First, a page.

UK Music have shared a new report, Let the Music Play: Save Our Summer 2021, outlining their recommendations for how to restart the UK’s live music industry once it is safe to do so.
While the roll-out of coronavirus vaccinations has boosted hopes that live music will be able to return in the UK later this year, there remains great uncertainty over whether this summer’s festival season will be able to go ahead as planned due to the ongoing pandemic.
As MPs on the Digital, Culture, Media and Sport Select Committee open their inquiry into ‘The future of UK music festivals’ today (January 5), UK Music – whose CEO Jamie Njoku-Goodwin is among those set to give evidence to the inquiry this morning – have published their Let The Music Play report, which they say “outlines a clear strategy to protect and support the multi-billion pound live music industry so it is ready to restart when safe to do so later this year”.
“The music industry has worked hard to make event spaces as safe as they can possibly be,” UK Music said in a statement accompanying the new report. “This includes launching testing pilots to be able to hold mass events safely, working with government to develop guidance for how to hold events safely, and looking at new ventilation and air purification systems that would dramatically reduce the risk of transmission.
“But there is no certainty about when the industry will be allowed to hold mass events once again.”
The report warns that the lack of coronavirus cancellation insurance is “the biggest barrier to major events happening in 2021”, and calls on the UK Government to implement an insurance scheme as it has done for the film and TV sector.
While UK Music welcomed the government’s £1.57 billion Culture Recovery Fund, which helped support the live music industry during the pandemic last year, the sector still “urgently needs to be able to plan for the post-pandemic period and the peak summer season” this year.
Among the key calls for action in the organisation’s Let the Music Play report is “an indicative date for a full capacity restart” for venues and festivals, a government-backed indemnity scheme and targeted financial support for the live music industry.
UK Music are also calling for an extension to the VAT rate reduction on tickets, a rollover of the paid 2020 Local Authority licence fees for festivals to 2021 and an extension to business rates relief.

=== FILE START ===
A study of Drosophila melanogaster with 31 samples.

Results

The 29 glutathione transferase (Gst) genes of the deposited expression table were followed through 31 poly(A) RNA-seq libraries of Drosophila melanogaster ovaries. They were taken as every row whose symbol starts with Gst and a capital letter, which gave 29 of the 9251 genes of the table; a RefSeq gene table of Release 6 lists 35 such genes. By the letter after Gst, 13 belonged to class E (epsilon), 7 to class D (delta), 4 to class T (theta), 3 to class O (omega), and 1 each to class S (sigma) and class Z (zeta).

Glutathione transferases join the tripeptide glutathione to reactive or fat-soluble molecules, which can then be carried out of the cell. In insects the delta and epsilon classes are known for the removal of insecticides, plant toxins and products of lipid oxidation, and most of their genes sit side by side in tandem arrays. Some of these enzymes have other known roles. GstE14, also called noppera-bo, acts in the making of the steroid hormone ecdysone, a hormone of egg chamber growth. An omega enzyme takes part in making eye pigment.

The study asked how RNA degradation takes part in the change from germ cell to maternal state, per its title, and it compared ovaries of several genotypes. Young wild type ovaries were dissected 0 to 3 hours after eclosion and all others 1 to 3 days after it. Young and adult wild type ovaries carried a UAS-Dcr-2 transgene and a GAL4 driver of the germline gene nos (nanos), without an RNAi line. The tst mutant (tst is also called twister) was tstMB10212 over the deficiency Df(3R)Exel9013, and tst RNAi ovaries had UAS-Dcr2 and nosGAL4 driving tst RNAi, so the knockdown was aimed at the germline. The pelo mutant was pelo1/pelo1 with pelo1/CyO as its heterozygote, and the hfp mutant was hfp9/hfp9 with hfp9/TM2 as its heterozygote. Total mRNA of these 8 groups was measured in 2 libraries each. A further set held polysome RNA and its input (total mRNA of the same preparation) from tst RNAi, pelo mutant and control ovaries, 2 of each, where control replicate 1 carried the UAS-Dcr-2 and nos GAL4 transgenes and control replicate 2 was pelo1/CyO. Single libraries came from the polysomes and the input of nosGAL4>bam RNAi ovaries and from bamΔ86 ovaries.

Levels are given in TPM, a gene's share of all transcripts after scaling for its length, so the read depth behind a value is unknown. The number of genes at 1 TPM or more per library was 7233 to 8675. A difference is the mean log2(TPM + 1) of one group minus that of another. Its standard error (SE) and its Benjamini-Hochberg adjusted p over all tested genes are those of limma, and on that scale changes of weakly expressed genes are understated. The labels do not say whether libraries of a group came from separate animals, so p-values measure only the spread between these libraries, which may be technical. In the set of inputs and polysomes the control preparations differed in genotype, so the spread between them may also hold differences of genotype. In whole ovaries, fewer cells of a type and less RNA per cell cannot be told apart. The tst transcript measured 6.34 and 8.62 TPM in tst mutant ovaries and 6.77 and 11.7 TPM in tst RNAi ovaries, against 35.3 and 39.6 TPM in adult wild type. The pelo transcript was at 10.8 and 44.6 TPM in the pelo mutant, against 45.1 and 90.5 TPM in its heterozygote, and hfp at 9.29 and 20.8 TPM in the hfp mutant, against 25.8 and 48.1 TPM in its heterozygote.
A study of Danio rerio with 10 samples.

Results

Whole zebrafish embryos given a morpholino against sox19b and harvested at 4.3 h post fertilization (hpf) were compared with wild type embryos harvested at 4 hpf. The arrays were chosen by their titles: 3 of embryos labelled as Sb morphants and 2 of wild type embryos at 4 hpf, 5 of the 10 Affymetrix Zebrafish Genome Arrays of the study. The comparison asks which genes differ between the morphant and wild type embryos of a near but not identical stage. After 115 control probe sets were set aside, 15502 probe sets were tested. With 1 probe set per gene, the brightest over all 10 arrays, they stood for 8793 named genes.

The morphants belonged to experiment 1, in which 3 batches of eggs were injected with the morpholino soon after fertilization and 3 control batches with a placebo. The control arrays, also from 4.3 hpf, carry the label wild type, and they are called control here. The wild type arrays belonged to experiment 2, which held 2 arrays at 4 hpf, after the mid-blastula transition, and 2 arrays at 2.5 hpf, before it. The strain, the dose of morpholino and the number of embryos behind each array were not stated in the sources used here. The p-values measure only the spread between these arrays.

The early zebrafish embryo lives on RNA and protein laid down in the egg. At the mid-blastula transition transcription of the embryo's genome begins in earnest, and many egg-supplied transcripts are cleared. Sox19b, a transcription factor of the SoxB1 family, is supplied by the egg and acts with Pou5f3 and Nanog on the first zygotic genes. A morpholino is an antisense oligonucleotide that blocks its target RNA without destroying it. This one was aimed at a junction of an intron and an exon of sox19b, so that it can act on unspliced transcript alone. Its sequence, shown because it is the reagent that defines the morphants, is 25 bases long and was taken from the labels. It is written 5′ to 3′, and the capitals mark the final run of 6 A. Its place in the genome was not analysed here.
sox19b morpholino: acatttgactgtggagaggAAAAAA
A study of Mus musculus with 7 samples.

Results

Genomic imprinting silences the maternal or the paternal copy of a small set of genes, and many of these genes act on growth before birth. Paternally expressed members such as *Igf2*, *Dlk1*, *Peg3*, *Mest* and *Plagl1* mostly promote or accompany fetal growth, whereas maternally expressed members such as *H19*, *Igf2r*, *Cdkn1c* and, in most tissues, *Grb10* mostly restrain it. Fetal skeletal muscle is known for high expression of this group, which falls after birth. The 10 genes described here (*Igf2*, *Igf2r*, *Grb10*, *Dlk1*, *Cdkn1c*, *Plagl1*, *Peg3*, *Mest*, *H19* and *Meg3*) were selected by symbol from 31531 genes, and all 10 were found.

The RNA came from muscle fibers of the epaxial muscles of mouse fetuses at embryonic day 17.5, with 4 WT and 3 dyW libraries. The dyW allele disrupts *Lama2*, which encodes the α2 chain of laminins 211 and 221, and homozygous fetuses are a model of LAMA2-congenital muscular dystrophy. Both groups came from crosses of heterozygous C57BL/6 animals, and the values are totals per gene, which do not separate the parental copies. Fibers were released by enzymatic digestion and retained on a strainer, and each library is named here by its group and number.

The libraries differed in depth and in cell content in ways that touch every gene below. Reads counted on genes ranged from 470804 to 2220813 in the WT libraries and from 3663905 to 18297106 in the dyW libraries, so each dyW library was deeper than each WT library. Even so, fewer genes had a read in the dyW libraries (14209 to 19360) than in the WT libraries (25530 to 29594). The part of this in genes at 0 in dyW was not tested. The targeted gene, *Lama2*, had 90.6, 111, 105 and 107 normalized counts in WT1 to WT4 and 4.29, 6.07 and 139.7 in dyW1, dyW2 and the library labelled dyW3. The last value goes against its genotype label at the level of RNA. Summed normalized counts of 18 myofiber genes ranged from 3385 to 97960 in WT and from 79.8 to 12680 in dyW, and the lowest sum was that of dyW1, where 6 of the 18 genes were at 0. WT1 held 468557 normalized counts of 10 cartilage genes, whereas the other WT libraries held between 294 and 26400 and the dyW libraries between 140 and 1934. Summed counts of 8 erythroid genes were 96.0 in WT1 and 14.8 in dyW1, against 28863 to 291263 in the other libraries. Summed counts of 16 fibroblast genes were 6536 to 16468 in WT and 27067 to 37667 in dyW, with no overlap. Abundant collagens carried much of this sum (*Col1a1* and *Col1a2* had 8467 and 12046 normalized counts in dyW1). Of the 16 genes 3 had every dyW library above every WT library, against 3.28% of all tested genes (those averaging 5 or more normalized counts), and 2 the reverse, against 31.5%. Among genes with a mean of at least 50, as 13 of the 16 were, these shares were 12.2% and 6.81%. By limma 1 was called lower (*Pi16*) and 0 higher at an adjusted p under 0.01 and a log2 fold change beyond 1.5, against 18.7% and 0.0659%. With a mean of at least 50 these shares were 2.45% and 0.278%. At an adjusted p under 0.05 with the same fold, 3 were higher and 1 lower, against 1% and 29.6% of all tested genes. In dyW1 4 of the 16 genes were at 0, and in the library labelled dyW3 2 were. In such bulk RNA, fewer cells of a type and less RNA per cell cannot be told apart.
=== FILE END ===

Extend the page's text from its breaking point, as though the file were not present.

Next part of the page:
The organisation have also warned that up to 50% of the UK music festival industry’s workforce are at risk of being made redundant after a disastrous 2020 for the sector, while further reiterating fears that up to 71% of musicians are either actively considering leaving the sector or are unsure if they will continue (according to a recent survey conducted by the Musicians’ Union) due to the effects of the pandemic on the music industry.
Njoku-Goodwin added that the “clock is ticking, and any day soon we could see major festivals and events start pulling the plug for lack of certainty”.
“With the right support the live music industry can be at the forefront of the post-pandemic recovery and play a key role in our country’s economic and cultural revival – but there will need to be a concerted effort from industry and the Government together if we are to let the music play and save our summer.”
Glastonbury founder Michael Eavis said over the weekend that he hopes the festival, which was cancelled in 2020, would be able to return this summer providing that the “majority” of the UK’s population is vaccinated against coronavirus by June. In December, Emily Eavis stressed that Glastonbury 2021 has “not [been] cancelled yet”.
“We don’t need a vaccination because we can work through the problem with a really good testing regime. We’ll be able to do this by next year ,” he said.
“If there is a vaccine, there will be sufficient for the old and the vulnerable. Young people can resist it. The government know that now. In March and April, they didn’t know that. Everybody was shit-scared and that’s inevitable, but as we’ve learned more, we know the strong and healthy are able to survive it.”